After the Latter-day Saints vacated Nauvoo, the temple they left behind became an object of great curiosity to those in the region, and drama continued to unfold within its walls. Until it was destroyed by fire Oct. 9, 1848, and tornado May 27, 1850 many people toured the building.
Owing to the fame and importance of the temple, some became jealous of the attention given the building; a reward was offered for its destruction. The following are excerpts of an alleged deathbed confession published in 1877[likely oft-told and enhanced over time] by Joseph Agnew, the man who claimed to be its arsonist:
"The reason why I burned it was that there was a continual report in circulation that the Mormons were coming back to Nauvoo and we were afraid they might take it into their heads to do so, and as we had had all the trouble with them we wanted.
"We decided to get the steward to show us through the Temple, and then watch our chance to get in our work. So we hid our horses in the bushes
"We went in with a rush and kept a going, the man being left behind working with the door. He called out for us to stop but we kept on going and I noticed that he left the door with the key in it.
"I went back to the door and unlocked it and put the key in my pocket.
[After their tour] so leaving the judge and squire on guard, I ran back to the Temple
"I drew as near as I could and I happened to see Squire McCauley's bandana handkerchief lying on the floor a short distance from the fire on the opposite side of me. So I knew that my way led through the fire as that room was the end of our trip. Now what was I to do? I knew no other way but through the fire. I became horror stricken. Was I to be burned up by my own hands? Not knowing as it were what I did, I threw my coat over my head and made a dive through that fire, striking my full length on the floor and I rolled over and over until I got out of the reach of the fire. When I got to my feet I took off my coat and extinguished the fire that caught in the lining, after which I put it on again.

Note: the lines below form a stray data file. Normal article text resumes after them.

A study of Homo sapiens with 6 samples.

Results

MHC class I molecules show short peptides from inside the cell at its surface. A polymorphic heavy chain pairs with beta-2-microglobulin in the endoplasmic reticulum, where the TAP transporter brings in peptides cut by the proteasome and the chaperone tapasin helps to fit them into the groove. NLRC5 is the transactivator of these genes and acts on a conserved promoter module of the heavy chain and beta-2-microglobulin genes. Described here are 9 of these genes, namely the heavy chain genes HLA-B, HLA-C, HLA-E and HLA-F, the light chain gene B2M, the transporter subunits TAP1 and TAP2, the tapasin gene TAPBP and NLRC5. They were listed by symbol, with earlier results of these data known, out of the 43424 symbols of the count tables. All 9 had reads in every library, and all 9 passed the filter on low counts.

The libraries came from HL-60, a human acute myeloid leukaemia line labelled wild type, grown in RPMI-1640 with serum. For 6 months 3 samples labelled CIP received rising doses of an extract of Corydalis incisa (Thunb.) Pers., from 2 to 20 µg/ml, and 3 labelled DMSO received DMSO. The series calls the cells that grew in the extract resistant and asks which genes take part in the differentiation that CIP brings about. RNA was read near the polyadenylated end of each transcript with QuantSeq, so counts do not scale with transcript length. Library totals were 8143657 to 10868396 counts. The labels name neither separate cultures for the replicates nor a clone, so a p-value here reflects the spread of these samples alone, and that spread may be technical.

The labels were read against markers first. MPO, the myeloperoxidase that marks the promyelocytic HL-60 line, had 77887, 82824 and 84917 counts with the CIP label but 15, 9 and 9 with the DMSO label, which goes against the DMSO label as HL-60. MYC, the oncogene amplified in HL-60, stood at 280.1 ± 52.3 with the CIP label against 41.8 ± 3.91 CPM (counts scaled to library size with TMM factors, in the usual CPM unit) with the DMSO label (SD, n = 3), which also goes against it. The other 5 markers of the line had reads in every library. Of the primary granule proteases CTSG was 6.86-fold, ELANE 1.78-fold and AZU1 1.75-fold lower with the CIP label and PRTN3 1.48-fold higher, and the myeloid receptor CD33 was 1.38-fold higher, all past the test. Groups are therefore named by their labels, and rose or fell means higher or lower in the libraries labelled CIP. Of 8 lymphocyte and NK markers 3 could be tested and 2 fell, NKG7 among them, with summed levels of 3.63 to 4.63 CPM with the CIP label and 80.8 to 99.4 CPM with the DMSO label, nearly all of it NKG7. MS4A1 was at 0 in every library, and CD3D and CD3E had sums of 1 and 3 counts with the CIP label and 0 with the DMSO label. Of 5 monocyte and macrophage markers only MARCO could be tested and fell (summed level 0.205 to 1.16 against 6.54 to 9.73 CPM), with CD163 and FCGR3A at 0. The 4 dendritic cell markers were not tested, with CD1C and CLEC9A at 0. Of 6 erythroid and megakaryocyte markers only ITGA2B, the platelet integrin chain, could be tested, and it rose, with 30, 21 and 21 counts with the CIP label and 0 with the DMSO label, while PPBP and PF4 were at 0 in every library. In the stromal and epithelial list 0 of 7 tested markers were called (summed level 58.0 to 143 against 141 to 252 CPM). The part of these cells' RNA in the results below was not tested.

"After going about one-half mile, I looked toward Nauvoo and I saw a flickering light and the next minute flames burst through the roof and lit up the country for miles as light as day. I put my horse into a dead run in the direction of the Missouri timber.
In 1849, the ruins were purchased by a French group known as the Icarians, whose philosophy and beliefs were based on communal living. They were led by Etienne Cabet, who had first attempted unsuccessfully to found a colony in Texas. They had only made a start on their work on the temple before another disaster, a tornado, struck on May 27. Emile Valley describes it:
"The masons began to lay the foundation to rest the columns or pilasters to support the floors.
For the next 15 years the ruined west front stood picturesquely, still considered worthy of note by visitors. Artists' sketches survive from this period, and they show the massive masonry remains and the fallen blocks and rubble where the rest of the building had stood. Finally the weakened ruin was demolished and the site filled in and leveled. The Carthage Republican on Feb. 2, 1865, reported:
"The last remaining vestage (sic) of what the famous Mormon temple was in its former glory has disappeared, and nothing now remains to mark its site but heaps of broken stone and rubbish. The south-west corner, which has braved the blasts of ten or fifteen winters towering in sad grandeur above the surrounding buildings a marked object for many miles, the shrine of the pilgrimage of thousands who have annually flocked to gaze in wonder and awe upon the beautiful ruin, is no more.
"Of the large number of decorations, stone carvings, & c., with which the temple was beautified, hundreds have been secured by curiosity seekers in all parts of the country; and numbers have even gone to Europe."